My PhD supervisors insist on publishing at top-tier conferences (NeurIPS, ICLR, CVPR, etc); however, upon researching these AI and Machine learning conferences, I was surprised to discover their low acceptance rates, which can be as low as 20%! Is this common in this field?

I am anxious about my ability to graduate if I am unable to publish at these conferences. Can you offer any advice, blogs, or tips for publishing at these conferences?

    – GoodDeeds
    Commented Apr 11, 2023 at 4:23

5 Answers 5


These are the possibilities:

  1. If so, and if most of their students do, they have a pipeline and know how to get top-worthy publications done reliably.

  2. If not, and students still graduate, it's fine to just aim high.

  3. If the answer is no, but they keep the students from graduating unless they have publications in these venues, you should reflect if you want to stay in this group at all, or if, perhaps, you want to give it a try at least for a round.

    – CaliceMan
    Commented Apr 10, 2023 at 17:36

Note that venues for conferences are contracted for long in advance, much longer than the submission/acceptance cycle.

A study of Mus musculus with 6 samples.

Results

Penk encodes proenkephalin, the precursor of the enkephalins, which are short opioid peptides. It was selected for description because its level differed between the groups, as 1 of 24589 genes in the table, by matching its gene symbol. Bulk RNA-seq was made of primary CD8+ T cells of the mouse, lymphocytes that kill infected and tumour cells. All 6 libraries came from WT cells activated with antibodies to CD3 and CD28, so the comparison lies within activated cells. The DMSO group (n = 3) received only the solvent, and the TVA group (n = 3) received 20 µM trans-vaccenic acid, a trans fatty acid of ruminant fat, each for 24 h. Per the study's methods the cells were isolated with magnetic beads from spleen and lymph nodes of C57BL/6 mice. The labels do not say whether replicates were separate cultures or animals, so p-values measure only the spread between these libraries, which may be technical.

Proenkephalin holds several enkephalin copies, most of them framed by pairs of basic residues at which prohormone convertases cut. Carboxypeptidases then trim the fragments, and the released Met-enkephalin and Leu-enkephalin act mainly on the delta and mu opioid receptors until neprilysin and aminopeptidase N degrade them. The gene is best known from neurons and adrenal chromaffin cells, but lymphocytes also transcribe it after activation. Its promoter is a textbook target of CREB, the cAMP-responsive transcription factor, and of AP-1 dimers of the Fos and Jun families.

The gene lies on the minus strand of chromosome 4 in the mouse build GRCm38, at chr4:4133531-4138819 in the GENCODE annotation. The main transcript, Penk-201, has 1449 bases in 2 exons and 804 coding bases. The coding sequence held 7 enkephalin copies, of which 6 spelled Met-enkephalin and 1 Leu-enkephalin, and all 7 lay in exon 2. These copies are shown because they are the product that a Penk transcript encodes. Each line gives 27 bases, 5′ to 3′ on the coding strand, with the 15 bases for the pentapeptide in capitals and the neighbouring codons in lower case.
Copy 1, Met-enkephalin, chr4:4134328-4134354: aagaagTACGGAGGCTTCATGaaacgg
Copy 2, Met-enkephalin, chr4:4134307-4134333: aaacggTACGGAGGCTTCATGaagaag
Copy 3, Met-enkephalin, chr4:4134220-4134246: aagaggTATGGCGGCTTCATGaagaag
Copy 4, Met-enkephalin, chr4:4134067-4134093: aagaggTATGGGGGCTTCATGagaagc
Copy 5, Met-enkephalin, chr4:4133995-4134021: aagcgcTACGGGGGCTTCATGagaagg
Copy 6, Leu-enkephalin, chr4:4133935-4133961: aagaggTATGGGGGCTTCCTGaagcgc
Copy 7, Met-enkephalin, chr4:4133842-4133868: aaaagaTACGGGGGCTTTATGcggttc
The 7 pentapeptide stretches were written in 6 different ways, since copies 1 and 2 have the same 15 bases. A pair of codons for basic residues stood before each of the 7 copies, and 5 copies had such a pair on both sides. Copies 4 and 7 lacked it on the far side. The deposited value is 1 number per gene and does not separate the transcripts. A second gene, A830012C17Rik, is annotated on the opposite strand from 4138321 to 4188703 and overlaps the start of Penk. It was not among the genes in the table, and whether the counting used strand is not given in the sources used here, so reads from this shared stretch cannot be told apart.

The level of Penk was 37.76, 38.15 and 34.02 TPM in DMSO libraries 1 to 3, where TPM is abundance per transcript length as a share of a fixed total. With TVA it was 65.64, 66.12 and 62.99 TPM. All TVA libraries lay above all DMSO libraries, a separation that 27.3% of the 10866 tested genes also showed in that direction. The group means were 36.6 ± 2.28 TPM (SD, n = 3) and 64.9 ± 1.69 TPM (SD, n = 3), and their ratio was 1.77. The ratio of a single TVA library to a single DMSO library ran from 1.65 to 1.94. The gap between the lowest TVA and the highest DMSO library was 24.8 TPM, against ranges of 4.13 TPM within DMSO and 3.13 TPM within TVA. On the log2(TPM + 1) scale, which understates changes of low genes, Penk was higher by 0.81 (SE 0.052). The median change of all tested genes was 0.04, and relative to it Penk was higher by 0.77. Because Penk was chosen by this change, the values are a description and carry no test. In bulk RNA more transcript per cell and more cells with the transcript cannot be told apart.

Things may settle down if the number of venues increases or the field cools. It might also be that a lot of the submissions were of low quality or represented parallel work on some problem and reviewers had to choose from the better papers there.

In any hot field (ouch) you have a lot of competition.

    – GoodDeeds
    Commented Apr 11, 2023 at 4:19
    – Buffy
    Commented Apr 11, 2023 at 11:11

Some of my colleagues do publish in these areas and my impression is that they typically resubmit work that doesn't make it to the "top tier" in more accepting venues, and this is not a barrier to graduation. This is really no different than journal publishing in other fields: supervisors may want their students to aim for Nature and Science papers, but very few papers actually make it in to those venues.

    – Bryan Krause
    Commented Apr 10, 2023 at 16:37

Top researchers are measured by the number of such conferences they have on their resume. In contrast, in the EE discipline for example, IEEE Trans. are the norm.

The low acceptance rate is a function of the limited number of slots and the huge community. Arguably, the computer science community, especially AI, is much bigger than signal processing.


Taking the signal processing/ML example specifically, we can compare the acceptance rate of some top venues:

  • IEEE transactions on signal processing: 32% in 2010 (source)
  • IEEE transactions on image processing: 24% in 2012 (source)
  • Signal processing: 16% in 2022 (source)

Those numbers are in the same ballpark as conferences such as NeurIPS and ICLR.

The other answers elaborate well on the reasons for acceptance rates being low, but I would recommend you not focus on these numbers but instead on whether your advisor's students publish there regularly, as suggested in Captain Emacs's answer.